Frank Herbert’s ground-breaking heft of a novel, written in the 1960s, paved the way for many future movies in the genre including early Dune films and, of course, Star Wars which owes it a debt of gratitude. This latest version directed by Dennis Villeneuve has a contemporary political feel despite being set way in the future. Although the Emperor and his fiefdoms are from different planets, his ruthless pitting of one Lord against another in order to protect his own interests seems more than familiar, as does the cause of the inter-galactic struggle, the cultivation of a mysterious ‘sacred hallucinogen’, spice. A drug war you might say…
Sharon Duncan-Brewster as the Fremen scientist, Dr Liet Kynes
It is a film of two halves, the first context-setting, appealing to the more nerdy aficionado, with lots of spaceships, pomp and ceremony, showing the goodies of one planet, embodied by Duke Leto Atreides (Oscar Isaac) being ordered to usurp the Harkonnen from the planet Arrakis (the eponymous Dune) led by a revolting and obese Stellan Skarsgård. The highpoint in this part is a glorious Charlotte Rampling, high priestess of a mysterious cult whose most important member is Lady Jessica Atreides (Rebecca Ferguson), mother of our hero Paul (the ubiquitous Timothée Chalamet) who is rumoured to be some sort of Messiah.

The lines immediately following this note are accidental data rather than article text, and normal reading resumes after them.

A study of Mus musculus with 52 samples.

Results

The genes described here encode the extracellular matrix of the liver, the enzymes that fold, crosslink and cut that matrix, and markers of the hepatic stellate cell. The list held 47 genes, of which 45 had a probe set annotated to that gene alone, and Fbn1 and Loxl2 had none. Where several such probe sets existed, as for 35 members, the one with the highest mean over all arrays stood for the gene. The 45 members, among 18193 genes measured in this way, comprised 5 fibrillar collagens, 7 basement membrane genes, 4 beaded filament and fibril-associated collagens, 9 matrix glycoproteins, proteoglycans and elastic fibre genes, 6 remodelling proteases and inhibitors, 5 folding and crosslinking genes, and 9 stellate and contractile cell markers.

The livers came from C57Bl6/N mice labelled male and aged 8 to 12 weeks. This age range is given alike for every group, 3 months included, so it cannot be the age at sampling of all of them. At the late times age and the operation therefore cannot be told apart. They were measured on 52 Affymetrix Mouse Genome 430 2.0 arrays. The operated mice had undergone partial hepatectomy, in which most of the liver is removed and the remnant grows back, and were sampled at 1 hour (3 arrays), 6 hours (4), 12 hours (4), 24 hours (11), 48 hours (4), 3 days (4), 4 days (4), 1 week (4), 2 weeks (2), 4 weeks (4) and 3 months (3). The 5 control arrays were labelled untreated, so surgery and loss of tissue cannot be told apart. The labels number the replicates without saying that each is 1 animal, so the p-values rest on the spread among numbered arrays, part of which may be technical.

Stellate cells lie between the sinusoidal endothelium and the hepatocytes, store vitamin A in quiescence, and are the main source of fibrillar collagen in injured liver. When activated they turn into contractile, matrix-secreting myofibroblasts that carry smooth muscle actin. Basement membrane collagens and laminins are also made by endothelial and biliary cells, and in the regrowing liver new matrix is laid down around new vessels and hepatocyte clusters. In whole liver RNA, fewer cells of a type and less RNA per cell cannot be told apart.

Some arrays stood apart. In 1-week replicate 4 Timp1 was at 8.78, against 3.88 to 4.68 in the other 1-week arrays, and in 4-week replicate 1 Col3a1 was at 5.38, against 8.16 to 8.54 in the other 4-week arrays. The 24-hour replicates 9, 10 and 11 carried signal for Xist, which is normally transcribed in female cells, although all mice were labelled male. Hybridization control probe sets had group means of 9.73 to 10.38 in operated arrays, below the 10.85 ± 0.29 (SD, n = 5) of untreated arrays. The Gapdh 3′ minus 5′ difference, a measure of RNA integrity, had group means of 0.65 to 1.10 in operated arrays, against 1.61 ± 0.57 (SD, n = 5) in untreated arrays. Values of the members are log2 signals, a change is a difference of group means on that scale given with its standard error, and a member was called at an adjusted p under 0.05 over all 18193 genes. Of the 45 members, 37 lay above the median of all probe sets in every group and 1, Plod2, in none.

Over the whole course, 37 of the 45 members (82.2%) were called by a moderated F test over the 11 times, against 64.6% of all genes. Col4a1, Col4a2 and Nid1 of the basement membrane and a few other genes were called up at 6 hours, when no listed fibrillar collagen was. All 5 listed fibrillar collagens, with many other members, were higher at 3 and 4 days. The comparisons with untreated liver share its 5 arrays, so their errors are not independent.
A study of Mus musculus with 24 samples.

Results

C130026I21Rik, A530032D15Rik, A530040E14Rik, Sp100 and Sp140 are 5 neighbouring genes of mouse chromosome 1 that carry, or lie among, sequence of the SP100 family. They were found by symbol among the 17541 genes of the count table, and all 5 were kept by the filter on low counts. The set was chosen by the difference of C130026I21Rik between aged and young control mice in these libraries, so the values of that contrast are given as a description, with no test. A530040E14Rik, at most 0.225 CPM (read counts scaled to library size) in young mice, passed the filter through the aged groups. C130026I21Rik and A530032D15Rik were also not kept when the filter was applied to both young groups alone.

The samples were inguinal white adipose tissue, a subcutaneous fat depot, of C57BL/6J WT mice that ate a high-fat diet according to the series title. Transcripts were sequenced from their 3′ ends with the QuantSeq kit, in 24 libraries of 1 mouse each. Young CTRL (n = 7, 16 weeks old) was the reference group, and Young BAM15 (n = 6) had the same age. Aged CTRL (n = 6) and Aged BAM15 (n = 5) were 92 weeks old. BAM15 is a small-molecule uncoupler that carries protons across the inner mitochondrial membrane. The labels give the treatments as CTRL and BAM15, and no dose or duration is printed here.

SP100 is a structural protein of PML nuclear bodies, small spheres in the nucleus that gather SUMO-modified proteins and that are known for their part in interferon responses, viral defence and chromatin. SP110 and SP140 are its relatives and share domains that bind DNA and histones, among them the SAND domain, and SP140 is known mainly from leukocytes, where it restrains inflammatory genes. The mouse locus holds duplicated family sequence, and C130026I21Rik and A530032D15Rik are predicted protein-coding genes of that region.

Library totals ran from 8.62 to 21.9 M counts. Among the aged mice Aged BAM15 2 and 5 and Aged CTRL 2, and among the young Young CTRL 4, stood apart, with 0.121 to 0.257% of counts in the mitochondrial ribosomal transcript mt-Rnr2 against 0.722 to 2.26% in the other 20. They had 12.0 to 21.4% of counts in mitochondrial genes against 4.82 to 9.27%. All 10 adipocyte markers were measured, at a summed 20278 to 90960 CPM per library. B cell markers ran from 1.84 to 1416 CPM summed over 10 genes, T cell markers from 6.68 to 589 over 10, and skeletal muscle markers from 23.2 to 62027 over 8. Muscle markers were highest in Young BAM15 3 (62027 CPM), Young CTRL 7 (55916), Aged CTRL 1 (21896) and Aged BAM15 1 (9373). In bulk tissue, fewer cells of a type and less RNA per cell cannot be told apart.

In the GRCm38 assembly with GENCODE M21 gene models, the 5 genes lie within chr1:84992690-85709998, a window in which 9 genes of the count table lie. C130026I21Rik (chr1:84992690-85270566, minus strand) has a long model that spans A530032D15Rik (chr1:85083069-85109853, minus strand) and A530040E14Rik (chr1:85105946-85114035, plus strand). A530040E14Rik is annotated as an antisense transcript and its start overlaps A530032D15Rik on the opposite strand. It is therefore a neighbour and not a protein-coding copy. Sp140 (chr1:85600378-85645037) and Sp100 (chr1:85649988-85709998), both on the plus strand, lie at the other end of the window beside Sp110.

The second part begins with the arrival of the Atreides family in Arrakis to supervise the spice harvest and tame its rightful inhabitants, the Fremen. Here Paul’s visions come to life in the form of local Fremen tribeswoman Chani (played by a piercingly-blue-eyed Zendaya) as trust and betrayal vie for supremacy. This is where proper narrative takes over from special effects and Dune becomes interesting – although the terrifying sandworm that ripples though the sand sea is probably the best CGI in the film, with its jaws of death ready to devour all in its path. But just at this point the film ends with the words, ‘And this is just the beginning’. I think I’ll see part 2 when it comes in 2023!